The first meeting of the CRSC’s 2014-15 session took place at Jurys Inn, Glasgow, on October 8
From a helicopter’s view of HMS Fearless on active service to ship-to-ship fuel transfer on the high seas, from the uneasy tranquility of Ascension island to an exploding warship in the South Atlantic, from a 30-knot steam turbine frigate to HMS Illustrious’s visit to Japan — these snapshots of life in the Royal Navy suggest the CRSC’s new president brings a breadth and depth of maritime experience far beyond the ken of most Club members. And yet throughout Angus Ross’s talk on October 8, inaugurating his two-year term in the president’s chair, all such exploits seemed to pale next to his love of the Hebrides: his whole life seems to have been shaped by the ships and personalities of western Scottish waters, which have given him a constant reminder, from near or afar, of his roots and core interests.
|The 1964 Hebrides at Uig||MacBrayne ‘car ferry’ Lochdunvegan||Loch Arkaig at Portree||Hallaig at Armadale|
Titled ‘One Striper to Broad Pennant — Memoirs of the Commodore’, Angus’s talk was an enthralling ‘tour d’horizon’ embracing King George V and Finlaggan, childhood holidays in Skye and professional experience of the Falklands and Faroe Islands, from the bridge of the 1964 Hebrides to the landing platform of HMS Fearless and the cramped submarine accommodation of HMS Oberon.
Angus’s distinguished naval career, until his recent retirement with the rank of Commodore, provided an impressive foreground for much of his talk, but there was never any doubting the wider context in which he saw his professional adventures. That context was the family croft at Uig, the arrival of Loch Arkaig at Portree, the taste of ‘jam roly-poly’ on the 1964 Hebrides, the spectacle of cars being loaded by crane onto the MacBrayne cargo ship Lochdunvegan, the sight of KGV’s polished engine dials — not forgetting the movements of the present CalMac fleet.
All this was delivered with Angus’s trademark geniality, fluency and wit — a round-the-world trip in 70 minutes, spoken without so much as a note.
We were treated to pictures of the precarious Kylerhea ferry and to memories of the ferry crossing at Kyle, where the Ross family (headed by Angus’s late father Willie, a longtime CRSC member) were sometimes held up for two hours after a day-long drive north on the old road from Glasgow. Despite the wait, the old four-car ferries “were wonderful value for local folk — I don’t ever remember seeing my father handing over money”.
Angus also recalled the impact of the first MacBrayne car ferries, noting that the arrival of Hebrides at Uig 50 years ago revolutionised transportation across the Minch “and revolutionised my life as well”. Such was his attachment to the ship that he loyally followed Hebrides’ post-MacBrayne history, sailing on her out of Torquay (as Devoniun) and noting that she is the only MacBrayne ferry to have crossed the Atlantic (to St Vincent and the Grenadines in 1999). Angus also became familiar with Clansman at Armadale (“she was never particularly busy”) and Columba out of Oban — though his experiences there and on the Clyde in the early 1970s were dominated by King George V, a ship that was “loved by Willie, and influenced me tremendously”.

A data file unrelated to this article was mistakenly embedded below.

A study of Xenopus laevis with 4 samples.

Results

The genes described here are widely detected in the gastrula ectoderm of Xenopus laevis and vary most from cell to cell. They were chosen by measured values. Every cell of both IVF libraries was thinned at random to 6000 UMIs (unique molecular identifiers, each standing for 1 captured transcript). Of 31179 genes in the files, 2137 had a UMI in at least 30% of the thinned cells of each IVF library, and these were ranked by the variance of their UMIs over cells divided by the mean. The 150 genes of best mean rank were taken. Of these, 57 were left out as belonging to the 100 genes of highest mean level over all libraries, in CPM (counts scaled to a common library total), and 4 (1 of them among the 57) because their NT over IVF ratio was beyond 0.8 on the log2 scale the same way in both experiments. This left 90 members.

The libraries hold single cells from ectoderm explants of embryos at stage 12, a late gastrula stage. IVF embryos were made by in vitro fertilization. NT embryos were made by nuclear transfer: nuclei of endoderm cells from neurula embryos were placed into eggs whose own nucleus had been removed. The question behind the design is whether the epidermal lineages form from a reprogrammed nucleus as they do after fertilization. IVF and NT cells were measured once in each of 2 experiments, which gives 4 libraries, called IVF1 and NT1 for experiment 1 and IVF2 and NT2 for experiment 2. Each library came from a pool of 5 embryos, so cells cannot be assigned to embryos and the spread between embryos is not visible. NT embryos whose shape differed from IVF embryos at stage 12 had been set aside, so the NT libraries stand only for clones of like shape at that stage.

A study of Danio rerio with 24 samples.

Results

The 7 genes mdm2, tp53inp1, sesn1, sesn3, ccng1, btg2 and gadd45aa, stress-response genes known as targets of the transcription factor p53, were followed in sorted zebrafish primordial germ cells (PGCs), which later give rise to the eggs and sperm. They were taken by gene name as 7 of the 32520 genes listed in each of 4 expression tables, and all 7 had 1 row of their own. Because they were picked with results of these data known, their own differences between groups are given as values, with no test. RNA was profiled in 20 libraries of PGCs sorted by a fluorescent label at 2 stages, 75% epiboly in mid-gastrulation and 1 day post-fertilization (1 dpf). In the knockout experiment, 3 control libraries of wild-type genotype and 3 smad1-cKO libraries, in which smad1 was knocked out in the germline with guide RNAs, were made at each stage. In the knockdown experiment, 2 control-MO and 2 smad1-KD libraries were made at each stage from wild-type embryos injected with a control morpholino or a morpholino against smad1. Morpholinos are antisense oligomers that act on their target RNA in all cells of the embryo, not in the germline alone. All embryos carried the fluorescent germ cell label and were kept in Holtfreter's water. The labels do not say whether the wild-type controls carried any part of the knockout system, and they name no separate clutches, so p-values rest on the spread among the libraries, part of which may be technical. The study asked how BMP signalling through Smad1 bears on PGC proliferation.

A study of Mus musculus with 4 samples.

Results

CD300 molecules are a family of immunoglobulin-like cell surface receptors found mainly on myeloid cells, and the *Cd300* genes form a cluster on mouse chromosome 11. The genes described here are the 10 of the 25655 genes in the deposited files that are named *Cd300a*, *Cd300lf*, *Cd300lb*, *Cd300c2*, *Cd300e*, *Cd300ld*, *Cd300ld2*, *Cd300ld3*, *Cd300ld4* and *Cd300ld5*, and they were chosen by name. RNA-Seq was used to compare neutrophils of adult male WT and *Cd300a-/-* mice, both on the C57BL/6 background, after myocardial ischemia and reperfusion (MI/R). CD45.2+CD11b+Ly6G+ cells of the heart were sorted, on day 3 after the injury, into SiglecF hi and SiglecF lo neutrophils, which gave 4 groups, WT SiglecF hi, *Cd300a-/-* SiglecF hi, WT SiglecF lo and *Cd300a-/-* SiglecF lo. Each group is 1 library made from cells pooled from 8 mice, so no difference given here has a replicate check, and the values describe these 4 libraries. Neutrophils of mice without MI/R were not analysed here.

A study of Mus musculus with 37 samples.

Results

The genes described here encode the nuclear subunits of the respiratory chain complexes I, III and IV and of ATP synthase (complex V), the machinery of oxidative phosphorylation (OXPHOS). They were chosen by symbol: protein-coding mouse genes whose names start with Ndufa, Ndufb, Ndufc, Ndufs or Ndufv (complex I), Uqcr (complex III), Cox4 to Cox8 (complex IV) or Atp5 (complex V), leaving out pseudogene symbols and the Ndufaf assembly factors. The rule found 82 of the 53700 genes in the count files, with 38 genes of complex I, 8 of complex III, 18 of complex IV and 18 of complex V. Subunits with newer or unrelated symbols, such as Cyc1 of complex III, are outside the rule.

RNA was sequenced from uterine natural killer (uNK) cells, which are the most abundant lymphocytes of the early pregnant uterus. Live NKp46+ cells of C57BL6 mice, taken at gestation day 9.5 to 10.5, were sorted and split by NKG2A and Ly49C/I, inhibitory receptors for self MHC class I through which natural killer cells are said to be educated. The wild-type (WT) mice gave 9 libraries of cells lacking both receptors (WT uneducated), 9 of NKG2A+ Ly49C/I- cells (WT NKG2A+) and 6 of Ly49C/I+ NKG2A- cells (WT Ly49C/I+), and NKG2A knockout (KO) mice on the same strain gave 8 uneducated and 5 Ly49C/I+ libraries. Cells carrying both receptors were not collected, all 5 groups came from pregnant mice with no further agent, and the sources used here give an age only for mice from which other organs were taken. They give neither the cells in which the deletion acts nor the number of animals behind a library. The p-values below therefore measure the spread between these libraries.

Coinciding with the King George’s withdrawal in September 1974, Angus joined the Royal Navy — though even here, his steamer interests kept cropping up: his ‘passing out’ ceremony at the Royal Naval College at Dartmouth conveniently coincided with the refit of Balmoral at Kingswear and the pre-demolition lay-up of Loch Eynort on the River Dart.
Thereafter the tempo of life for sub-lieutenant Ross speeded up. We were treated to the sight of HMS Fearless’s internal dock for landing craft (some of which ended their days as fish farm boats on Skye), a bull-fight at Cartagena, the steam turbine frigate HMS Rhyl, and the 1977 Dartmouth fleet review with Royal Yacht Britannia. Less glamorous were the storm-tossed cod patrols in the Iceland/Faroes Gap and the smells of cabbage and diesel on submarines. Then there was the 1982 Falklands experience, which included the spectacle of ‘the great white whale’ (the requisitioned P & O liner Canberra), the sound of HMS Ardent being blown up, the arrival at Port Stanley of British Rail’s cross channel ferry St Edmund and the transformation of Uganda from hospital ship to prisoner-of-war ship.
Various shore-based appointments were intermingled with glimpses of Rhu na Gal from HMS Galatea, of Maid of Cumbrae and City of Hydra ex-Claymore during a Mediterranean tour of duty, and of former Clyde sludge boat Shieldhall at the 2004 naval review on the Solent. As logistics commander on HMS Illustrious, the mighty Invincible-class aircraft carrier, Angus served in the Gulf and at the handover of Hong Kong.
|HMS Ardent goes under||Shieldhall at the 2004 review||HMS Illustrious||The ‘fairly photogenic’ Finlaggan|
Closer to home and the present day, Angus indicated that sailing on the modern CalMac fleet gives him just as much satisfaction as life on the ocean wave. We were regaled with pictures of the ‘butty bus’ at Leverburgh, of Hebrides’ list after a “handbrake turning in Uig Bay”, of Hallaig at Armadale, Eigg at Portree and Raasay at Raasay. Finlaggan, which last year relieved Hebrides on the Uig triangle, is known as “the windy wee boat — not the favourite ship for that route though she can be fairly photogenic and she has a lot of bling inside”. One of Angus’ many ‘collector’s items’ was a shot of Finlaggan in Uig Bay together with Arrow, the Maltese-flagged freight ferry, which had been undergoing trials for possible use as a back-up.
In his vote of thanks, immediate past president Deryk Docherty described Angus’s address as “a memorable night in the annals of the Club” — a sentiment heartily endorsed by all present. The meeting was chaired by CRSC vice-president Iain Morgan and drew a full house. The next meeting is on November 12.